MIT's AlterEgo headset can read words you say in your head

When you think a sentence in your head, your brain sends signals to your mouth and jaw. MIT Media Lab's headset reads those signals with 92 percent accuracy.

mit-silent-speech-0

Lorrie Lejeune/MIT

I don't want to alarm you, but robots can now read your mind. Kind of. 

AlterEgo is a new headset developed by MIT Media Lab. You strap it to your face. You talk to it. It talks to you. But no words are said. You say things in your head, like "what street am I on," and it reads the signals your brain sends to your mouth and jaw, and answers the question for you. 

Check out this handy explainer video MIT Media Lab made that shows some of the potential of AlterEgo:

Now Playing: Watch this: MIT prototype can sense words you're about to say
1:11

So yes, according to MIT Media Lab, you may soon be able to control your TV with your mind. 

The institution explained in its announcement that AlterEgo communicates with you through bone-conduction headphones, which circumvent the ear canal by transmitting sound vibrations through your face bones. Freaky. This, MIT Media Lab said, makes it easier for AlterEgo to talk to you while you're talking to someone else.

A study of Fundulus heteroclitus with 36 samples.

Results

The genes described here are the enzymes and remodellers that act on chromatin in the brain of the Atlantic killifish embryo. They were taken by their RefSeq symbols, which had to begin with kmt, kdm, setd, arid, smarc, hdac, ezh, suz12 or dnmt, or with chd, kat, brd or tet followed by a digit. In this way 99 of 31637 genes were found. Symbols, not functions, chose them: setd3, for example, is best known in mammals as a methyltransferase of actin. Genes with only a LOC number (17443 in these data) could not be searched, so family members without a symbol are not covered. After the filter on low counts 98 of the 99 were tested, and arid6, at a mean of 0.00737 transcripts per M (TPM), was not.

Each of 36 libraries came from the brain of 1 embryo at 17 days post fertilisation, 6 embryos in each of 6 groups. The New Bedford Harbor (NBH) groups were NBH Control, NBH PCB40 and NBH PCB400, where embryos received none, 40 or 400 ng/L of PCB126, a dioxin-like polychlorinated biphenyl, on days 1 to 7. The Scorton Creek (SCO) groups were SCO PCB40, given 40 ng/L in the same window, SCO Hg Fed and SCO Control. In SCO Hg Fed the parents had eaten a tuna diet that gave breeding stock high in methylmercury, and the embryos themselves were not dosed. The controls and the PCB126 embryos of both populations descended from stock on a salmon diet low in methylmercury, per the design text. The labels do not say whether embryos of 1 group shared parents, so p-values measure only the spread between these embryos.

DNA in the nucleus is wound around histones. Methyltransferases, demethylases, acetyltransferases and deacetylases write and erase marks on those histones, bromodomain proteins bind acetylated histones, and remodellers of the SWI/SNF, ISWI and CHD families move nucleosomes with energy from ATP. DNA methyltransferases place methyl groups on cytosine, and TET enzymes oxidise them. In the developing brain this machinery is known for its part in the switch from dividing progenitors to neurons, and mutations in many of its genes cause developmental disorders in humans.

Plus, in trials involving 15 people, AlterEgo had an accurate transcription rate of 92 percent. 

Arnav Kapur, the graduate student who lead AlterEgo's development, describes it as an "intelligence-augmentation device."

"We basically can't live without our cellphones, our digital devices," said Pattie Maes, Kapur's thesis advisor at MIT Media Lab. "But at the moment, the use of those devices is very disruptive.

"So, my students and I have for a very long time been experimenting with new form factors and new types of experience that enable people to still benefit from all the wonderful knowledge and services that these devices give us, but do it in a way that lets them remain in the present."